Having some partial English heritage I have a soft spot for British cars. So even though many may disagree I think that the new 2011 Jaguar XFR is worth consideration if you’re in the market. It certainly has a lot to love. It looks good, it has a 510HP supercharged V8, and plenty of great options like adaptive cruise control. However, it does have its downsides; such as the MSRP ($79,600). While generally speaking you do get a handsome package for the money, when you consider that the MSRP on the Audi A8 is $1,550 less the Jag starts to look a bit pricy. Especially when you remember that Audi throws in all wheel drive. Although when you option the XFR out it will come in under a fully loaded A8 which redeems it just enough for it to remain a contender with the German big boys. Yes the XFR could be a bit more refined and it could be cheaper but it remains what it is to reach out to those who really are in love with British cars. I’m not mad at that.
XF Supercharged and XFR
The Jaguar XF Supercharged and XFR are powered by a 5.0-liter direct-injection supercharged V8 engine that delivers 470 hp and 424 lb/ft of torque and can accelerate the car from zero to 60 mph in just 4.9 seconds; the XFR delivers 510 hp and 461 lb.-ft. of torque and can go from rest to 60 in just 4.7 seconds. A twin vortex system (TVS) supercharger and twin water-cooled intercoolers are efficiently packaged in the engine’s V.
The XF Supercharged and XFR models share key chassis technologies for optimum handling performance: Adaptive Dynamics and Active Differential Control. The Adaptive Dynamics active damping system optimizes both handling agility and ride comfort. The system monitors body movement 100 times per second and wheel position 500 times a second and automatically increases the damping rate as the suspension approaches the limits of its travel. Adaptive Dynamics also controls wheel hop on uneven roads by rapidly varying the damping to move any wheel out of a natural bouncing frequency, benefiting ride comfort, handling and tire grip.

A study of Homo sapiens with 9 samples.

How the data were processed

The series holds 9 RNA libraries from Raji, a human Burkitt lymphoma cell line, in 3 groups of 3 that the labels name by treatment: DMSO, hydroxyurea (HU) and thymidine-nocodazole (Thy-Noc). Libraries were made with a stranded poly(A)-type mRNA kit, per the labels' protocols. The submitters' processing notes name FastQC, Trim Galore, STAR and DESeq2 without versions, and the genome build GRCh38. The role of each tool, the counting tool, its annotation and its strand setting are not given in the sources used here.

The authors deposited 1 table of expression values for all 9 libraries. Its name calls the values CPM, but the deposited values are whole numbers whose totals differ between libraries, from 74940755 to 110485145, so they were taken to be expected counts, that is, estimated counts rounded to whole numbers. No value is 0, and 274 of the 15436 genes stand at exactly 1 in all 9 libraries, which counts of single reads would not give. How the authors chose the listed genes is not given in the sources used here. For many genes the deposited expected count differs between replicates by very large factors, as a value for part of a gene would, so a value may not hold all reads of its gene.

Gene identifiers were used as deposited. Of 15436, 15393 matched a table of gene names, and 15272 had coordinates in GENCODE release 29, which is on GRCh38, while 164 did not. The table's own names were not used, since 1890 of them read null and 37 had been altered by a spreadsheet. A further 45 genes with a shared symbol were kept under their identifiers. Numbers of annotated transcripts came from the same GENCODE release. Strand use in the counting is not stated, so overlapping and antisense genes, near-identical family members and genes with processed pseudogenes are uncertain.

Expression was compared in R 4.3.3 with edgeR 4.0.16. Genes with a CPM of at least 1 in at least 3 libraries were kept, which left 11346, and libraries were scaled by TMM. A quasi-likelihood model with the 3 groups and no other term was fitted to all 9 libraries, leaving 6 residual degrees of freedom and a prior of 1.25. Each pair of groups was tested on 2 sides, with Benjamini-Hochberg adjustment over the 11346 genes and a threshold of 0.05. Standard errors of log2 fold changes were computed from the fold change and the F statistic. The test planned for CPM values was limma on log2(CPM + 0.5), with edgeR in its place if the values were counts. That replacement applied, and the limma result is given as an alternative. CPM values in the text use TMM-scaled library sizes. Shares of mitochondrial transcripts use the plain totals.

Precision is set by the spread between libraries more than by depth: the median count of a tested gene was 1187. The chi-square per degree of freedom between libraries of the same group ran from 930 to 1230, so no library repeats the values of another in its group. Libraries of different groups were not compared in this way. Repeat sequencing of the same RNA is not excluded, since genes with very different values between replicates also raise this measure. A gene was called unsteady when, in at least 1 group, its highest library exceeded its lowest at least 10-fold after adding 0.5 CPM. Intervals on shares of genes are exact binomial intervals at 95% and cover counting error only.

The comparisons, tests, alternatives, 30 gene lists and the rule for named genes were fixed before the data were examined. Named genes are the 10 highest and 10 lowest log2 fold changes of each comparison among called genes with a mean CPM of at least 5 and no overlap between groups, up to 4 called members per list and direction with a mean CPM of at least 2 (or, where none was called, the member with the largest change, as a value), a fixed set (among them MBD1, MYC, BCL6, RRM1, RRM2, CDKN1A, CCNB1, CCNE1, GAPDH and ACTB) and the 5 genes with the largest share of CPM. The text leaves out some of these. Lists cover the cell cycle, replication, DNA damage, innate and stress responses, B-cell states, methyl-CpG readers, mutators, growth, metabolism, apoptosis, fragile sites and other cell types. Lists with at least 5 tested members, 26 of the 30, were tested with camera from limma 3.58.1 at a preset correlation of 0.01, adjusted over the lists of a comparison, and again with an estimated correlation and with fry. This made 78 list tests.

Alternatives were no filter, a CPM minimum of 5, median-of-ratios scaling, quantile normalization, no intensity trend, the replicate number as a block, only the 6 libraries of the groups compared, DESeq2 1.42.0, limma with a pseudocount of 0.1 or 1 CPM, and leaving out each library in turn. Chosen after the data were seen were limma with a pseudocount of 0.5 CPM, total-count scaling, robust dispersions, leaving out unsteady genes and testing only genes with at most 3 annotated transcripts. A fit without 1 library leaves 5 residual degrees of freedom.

Active Differential Control optimizes available traction at each rear wheel, improving acceleration on low-grip surfaces while enhancing cornering ability. The clutch-type differential is operated by an internal electric motor and ball-and-ramp mechanism and transmits torque to the wheel with the most traction. This differs fundamentally from conventional traction control, which uses the brakes to counteract slip after it has occurred. The XF Supercharged and XFR also share the same upgraded brakes and silver-gray calipers.
The XF Supercharged and XFR are equipped with the amenities found in the XF Portfolio, plus the 440-watt Bowers & Wilkins Premium Audio Package and HD radio. Externally, the XF Supercharged stand apart with standard 20-inch Selena-style alloy wheels, quad polished exhaust tailpipes, a color-keyed lower rear valance, and a “Supercharged” trunk lid badge.
The 2011 Jaguar XFR is quickly recognizable with unique 20-inch Nevis-style alloy wheels; distinct front end design with a black mesh grille (new for 2011); chrome air intakes; “Supercharged” hood louvers; four polished exhaust tailpipes; an aerodynamically functional rear spoiler and side sills, and discreet “R” badge. A special acoustic filter at the rear of the engine, tuned to “tenor C”, feeds intake sound to the cabin under hard acceleration. The XFR exclusively offers performance-focused settings for the Dynamic Stability Control, allowing the experienced driver to extract more cornering performance.
The XFR features unique interior appointments, including an aluminum dashboard, satin or gloss wood veneers and twin-needle stitching on the instrument panel and doors. The XFR’s multi-adjustable sports seats have power adjustable bolsters, leather map pockets and an embossed “R” logo on the seat surfaces. The lower steering wheel spoke is also leather trimmed, with an R logo.
All Jaguar XF models employ an electronically controlled, fully adaptive six-speed automatic transmission with the unique cast alloy JaguarDrive Selector as well as the Jaguar Sequential Shift function operated by steering-wheel paddles. The illuminated stop/start button pulsates like a heartbeat until pressed, and as part of the XF’s “handshake” sequence, the JaguarDrive Selector rises from the center console, and the rotating dash vents silently open. When the engine is stopped, the JaguarDrive Selector lowers automatically. The transmission is designed to be maintenance-free with “filled-for-life” fluid.